New from LJP: Barbarians at the Gates of the Public Library

New from Library Juice Press:

Barbarians at the Gates of the Public Library:
How Postmodern Consumer Capitalism Threatens Democracy, Civil Education and the Public Good

By Ed D’Angelo
November 2006.
139. paperback. $18
ISBN 978-0-9778617-1-2

Barbarians at the Gates of the Public Library is a philosophical and historical analysis of how the rise of consumerism has led to the decline of the original mission of public libraries to sustain and promote democracy through civic education. Through a reading of historical figures such as Plato, Helvetius, Rousseau, and John Stuart Mill, the book shows how democracy and even capitalism were originally believed to depend upon the moral and political education that public libraries (and other institutions of rational public discourse) could provide. But as capitalism developed in the 20th century it evolved into a postmodern consumerism that replaced democracy with consumerism and education with entertainment. Public libraries have mistakenly tried to remain relevant by shadowing the rise of consumerism, but have instead contributed to the rise of a new barbarism and the decline of democracy.

Praise from Henry Giroux:

“We live in dangerous times as a relentless war is being waged by market fundamentalists, political extremists, and religious zealots against all those public spheres guided by democratic values and ideals. Ed D’Angelo’s book is a brilliant recounting of public memory and a spirited defense of one of the nation’s most important public goods, the public library. Barbarians at the Gates of the Public Library is a riveting example of the language of critique and recovery, critical engagement and possibility. It is a must read for anyone who takes democracy seriously, is willing to fight for one of the country’s most important democratic public spheres, and at the same time learn something about the history and importance of the democratic function of public libraries in America. Everyone should read this book.”

Order Barbarians at the Gates of the Public Library through your book jobber or buy it from Amazon or Barnes and Noble.

Rory Litwin
Library Juice Press, LLC

2 comments on “New from LJP: Barbarians at the Gates of the Public Library

  1. Thanks to D’Angelo. The business model is not what the public wants. It is something spun out of librarians’ ivory towers. The public wants the library as ‘sacred space’, something special and unique, not a circus, not a bookstore, not a town meeting hall–they want the library to be a library—just ask them, they will tell you.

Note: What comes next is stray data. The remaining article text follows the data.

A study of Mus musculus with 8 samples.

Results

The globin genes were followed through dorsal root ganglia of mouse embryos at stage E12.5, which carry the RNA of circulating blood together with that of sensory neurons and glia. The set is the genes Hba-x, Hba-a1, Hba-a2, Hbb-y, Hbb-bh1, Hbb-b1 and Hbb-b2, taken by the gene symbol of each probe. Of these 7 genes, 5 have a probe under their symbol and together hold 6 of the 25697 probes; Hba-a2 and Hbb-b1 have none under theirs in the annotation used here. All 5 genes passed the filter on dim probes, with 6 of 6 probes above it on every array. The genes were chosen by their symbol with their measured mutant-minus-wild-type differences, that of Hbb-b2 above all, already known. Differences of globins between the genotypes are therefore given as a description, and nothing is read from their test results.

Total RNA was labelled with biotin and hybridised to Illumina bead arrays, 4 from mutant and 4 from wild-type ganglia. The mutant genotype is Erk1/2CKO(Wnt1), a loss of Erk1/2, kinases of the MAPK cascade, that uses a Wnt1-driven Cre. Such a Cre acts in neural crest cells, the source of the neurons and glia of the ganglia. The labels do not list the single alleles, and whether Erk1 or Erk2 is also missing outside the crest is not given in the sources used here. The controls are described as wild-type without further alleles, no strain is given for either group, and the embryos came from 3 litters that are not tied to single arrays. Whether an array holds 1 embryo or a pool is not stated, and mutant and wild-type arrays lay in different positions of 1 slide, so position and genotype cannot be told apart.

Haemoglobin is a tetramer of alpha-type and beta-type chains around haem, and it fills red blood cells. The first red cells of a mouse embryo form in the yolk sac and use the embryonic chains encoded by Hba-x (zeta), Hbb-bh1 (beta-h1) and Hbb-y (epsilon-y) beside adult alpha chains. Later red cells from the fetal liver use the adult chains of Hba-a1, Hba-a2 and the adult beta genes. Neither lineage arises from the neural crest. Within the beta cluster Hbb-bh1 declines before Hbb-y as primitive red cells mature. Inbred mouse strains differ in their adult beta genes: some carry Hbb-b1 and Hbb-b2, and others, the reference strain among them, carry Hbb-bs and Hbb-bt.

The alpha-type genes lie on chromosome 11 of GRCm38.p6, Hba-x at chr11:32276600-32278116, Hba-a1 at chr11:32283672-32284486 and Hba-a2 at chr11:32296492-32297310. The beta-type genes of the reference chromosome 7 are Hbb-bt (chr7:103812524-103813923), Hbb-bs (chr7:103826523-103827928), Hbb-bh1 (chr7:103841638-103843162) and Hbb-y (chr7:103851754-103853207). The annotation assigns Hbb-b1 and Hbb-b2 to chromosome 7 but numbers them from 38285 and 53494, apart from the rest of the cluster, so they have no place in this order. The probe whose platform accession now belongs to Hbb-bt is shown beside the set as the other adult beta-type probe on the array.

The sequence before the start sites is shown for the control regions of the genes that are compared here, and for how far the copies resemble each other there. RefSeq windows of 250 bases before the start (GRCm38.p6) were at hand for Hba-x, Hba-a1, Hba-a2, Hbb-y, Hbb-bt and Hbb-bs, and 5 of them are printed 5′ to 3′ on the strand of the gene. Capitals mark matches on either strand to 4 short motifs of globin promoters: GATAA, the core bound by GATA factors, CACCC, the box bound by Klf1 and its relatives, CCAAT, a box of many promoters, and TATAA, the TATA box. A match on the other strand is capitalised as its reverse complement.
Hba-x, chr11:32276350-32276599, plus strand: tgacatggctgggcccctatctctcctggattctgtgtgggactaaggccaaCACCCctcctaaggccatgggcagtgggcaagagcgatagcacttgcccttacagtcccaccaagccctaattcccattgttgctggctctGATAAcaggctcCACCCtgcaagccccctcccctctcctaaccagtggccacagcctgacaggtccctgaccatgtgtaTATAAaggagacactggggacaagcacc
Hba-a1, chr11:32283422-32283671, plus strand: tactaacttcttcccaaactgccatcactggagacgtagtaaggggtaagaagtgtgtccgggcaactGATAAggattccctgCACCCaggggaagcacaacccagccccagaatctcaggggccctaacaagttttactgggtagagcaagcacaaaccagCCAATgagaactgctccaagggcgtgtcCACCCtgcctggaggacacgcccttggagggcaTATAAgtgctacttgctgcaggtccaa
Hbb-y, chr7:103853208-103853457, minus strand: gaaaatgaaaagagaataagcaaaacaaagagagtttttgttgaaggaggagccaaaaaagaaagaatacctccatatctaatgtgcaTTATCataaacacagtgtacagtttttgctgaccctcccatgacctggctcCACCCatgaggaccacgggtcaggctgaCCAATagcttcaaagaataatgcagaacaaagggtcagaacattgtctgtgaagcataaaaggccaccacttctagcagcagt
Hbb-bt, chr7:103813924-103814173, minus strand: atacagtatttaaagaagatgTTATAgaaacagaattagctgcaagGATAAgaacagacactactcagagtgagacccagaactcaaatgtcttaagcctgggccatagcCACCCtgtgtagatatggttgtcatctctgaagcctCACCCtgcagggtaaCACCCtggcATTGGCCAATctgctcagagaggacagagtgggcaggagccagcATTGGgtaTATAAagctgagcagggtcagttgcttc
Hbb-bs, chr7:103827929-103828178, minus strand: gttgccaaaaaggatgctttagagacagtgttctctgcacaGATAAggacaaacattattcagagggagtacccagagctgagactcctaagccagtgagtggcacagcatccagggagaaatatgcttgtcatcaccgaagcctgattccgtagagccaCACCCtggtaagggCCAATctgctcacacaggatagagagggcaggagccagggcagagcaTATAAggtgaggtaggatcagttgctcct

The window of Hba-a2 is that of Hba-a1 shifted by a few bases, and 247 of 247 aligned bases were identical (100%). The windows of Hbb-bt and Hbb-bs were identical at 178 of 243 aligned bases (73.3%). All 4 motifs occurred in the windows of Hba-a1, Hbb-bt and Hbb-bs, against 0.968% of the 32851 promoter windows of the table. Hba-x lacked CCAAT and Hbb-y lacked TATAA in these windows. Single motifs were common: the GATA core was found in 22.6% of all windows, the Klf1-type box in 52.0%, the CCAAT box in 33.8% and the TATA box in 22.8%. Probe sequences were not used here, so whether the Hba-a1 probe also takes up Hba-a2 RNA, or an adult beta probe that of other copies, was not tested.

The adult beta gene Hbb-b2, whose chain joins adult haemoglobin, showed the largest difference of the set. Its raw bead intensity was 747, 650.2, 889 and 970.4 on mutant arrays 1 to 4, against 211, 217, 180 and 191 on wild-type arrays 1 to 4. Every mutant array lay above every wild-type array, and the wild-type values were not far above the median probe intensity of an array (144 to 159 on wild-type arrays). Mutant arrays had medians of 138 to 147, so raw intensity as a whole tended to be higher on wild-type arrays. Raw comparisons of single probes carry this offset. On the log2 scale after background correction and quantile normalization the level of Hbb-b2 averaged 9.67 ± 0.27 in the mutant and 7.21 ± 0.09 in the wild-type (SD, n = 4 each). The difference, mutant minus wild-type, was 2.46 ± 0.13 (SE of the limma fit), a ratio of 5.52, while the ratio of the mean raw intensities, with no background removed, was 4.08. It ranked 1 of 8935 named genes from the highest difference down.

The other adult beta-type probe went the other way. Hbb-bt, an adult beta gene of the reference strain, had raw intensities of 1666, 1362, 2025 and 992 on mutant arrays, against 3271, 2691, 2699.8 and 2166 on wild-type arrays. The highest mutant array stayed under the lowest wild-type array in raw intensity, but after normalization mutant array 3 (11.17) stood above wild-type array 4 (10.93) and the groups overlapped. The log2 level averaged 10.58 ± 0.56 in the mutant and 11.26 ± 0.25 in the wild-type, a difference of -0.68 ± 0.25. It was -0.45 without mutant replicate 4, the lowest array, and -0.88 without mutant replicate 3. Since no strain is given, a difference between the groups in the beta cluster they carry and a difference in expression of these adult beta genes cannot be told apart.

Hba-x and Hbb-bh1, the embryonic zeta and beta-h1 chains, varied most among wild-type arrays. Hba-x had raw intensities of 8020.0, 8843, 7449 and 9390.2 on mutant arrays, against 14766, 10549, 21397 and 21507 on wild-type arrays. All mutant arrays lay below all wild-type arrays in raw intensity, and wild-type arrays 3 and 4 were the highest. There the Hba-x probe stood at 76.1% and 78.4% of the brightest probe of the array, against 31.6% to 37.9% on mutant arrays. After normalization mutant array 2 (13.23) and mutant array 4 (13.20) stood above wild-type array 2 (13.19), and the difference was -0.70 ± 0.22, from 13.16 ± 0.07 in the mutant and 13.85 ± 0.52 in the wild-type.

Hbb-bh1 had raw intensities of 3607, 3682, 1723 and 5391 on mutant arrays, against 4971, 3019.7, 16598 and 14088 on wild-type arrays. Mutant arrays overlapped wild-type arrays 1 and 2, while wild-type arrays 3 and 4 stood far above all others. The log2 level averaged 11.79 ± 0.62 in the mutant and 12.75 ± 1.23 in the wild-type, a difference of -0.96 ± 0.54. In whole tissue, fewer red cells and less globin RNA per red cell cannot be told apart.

The marketing concept left over from the latter part of 20th century is not working for libraries. Libraries need to embrace their true mission–we are not SELLING.
    A Librarian

  2. Thank you, Ed, for a great read! Well said, with righteous fury. Your book sits proudly next to my copy of Earl Lee’s _Libraries in the Age of Mediocrity_, which you have matched as far as producing an intellectually engaging read. I hope you expand on what you’ve written here, it’s a brilliant start. One thing that struck me time and again reading your book was that it reminded me often of Neil Postman’s arguments in his book _Amusing Ourselves To Death_; A lot of what Postman had to say would gel well with your present argument. He was an unapologetically old fashioned humanist whose writings I know have touched many of us in PLG/SRRT circles, and quoting him would resonate well in an expanded edition of this book someday soon. Herbert I. Schiller’s _Information Inequality_ also springs to mind, for me at least.

    Well done, this book is a definite “must read”!

    Just like when I read Buschman’s last work, though, I find myself kicking myself saying “damn, I should’ve written THAT!” 😉 Oh, well, maybe one of these days. I feel I’m still too fresh out of library school with too little professional experience behind me yet to really speak up just yet, though.

    So, Thanks, too, Ed, for saying out loud, what a lot of us humanistic librarians too often say only amongst our friends and closest associates these days.